This story has ALREADY proven to be quite circuitous. So let me start from the top...of my news feed.

Yes, I got a notification in my news feed from WJAC-TV about poison hemlock, a deadly invasive, species moving into that station's coverage area. I thought that was odd since it sounded like a Jacksonville, Florida station and I had no idea why it would be shown to me in my Facebook feed. Well, it's NOT Jacksonville; it's Johnstown, Pennsylvania.

And the head-scratching continued when I looked up the definition of a "class B noxious weed," which is how poison hemlock is classified. That inquiry sent me to a website based in Washington State.


If you're a manager or owner of livestock, you probably already know the potential hazards to your animals. But I am neither and did NOT know.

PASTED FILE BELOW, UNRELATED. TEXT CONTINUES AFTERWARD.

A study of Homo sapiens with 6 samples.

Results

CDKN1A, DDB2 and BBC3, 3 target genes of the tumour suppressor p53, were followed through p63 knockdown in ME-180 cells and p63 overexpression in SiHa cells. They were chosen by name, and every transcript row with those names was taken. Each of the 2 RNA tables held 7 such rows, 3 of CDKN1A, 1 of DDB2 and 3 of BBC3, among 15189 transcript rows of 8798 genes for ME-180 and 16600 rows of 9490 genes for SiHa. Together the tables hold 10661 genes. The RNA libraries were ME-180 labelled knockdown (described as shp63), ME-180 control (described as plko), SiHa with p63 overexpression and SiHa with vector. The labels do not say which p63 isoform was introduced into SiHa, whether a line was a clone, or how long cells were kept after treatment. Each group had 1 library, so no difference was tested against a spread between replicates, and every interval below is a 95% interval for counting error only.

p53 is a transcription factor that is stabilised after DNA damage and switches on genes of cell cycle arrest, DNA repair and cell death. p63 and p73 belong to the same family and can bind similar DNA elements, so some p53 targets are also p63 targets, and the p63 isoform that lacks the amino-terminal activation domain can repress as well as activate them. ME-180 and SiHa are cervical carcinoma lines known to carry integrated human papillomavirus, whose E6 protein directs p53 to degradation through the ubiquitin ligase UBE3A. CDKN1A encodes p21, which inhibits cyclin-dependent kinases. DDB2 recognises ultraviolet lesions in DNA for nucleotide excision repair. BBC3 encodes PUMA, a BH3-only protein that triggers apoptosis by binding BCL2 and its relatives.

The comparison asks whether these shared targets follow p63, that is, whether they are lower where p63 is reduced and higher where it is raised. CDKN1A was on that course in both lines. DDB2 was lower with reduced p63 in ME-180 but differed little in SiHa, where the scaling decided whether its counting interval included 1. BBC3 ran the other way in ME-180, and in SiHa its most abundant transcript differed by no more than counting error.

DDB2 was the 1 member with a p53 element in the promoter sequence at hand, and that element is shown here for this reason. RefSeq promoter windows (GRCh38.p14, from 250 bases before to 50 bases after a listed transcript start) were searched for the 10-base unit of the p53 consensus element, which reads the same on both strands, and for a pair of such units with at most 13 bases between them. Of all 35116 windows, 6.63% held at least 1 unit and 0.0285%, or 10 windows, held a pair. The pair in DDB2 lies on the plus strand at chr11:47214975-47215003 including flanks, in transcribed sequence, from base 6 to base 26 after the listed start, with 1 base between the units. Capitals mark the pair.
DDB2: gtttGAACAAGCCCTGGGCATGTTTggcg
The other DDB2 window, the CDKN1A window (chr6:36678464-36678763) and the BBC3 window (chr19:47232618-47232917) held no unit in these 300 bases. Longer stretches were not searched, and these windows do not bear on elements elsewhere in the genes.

See, when I was a kid, I thought hemlock was a FICTIONAL concoction of some sort. I'd see old movies or TV shows that had characters using hemlock to do their nefarious deeds. You'd usually see an unsuspecting victim drinking it from a fancy chalice that had steam billowing over its brim.

Because it was essentially so JOKEY, for lack of a better term, I thought it was made up.

But no, it is NO joke.

Kentucky Forage News provides a grim LITANY of maladies that befall livestock that ingest the nasty weed, so yes, it is taken QUITE seriously and should be.

And after seeing a picture of it, it occurred to me that I have seen it and on a number of occasions.

I used to think the only plants that were bad news were poison ivy and a venus flytrap. And, again, I always thought venus flytraps were fake because they looked animatronic, like at Disneyworld.

You know, I was terrible in biology. I wish I could go back in time and turn this in.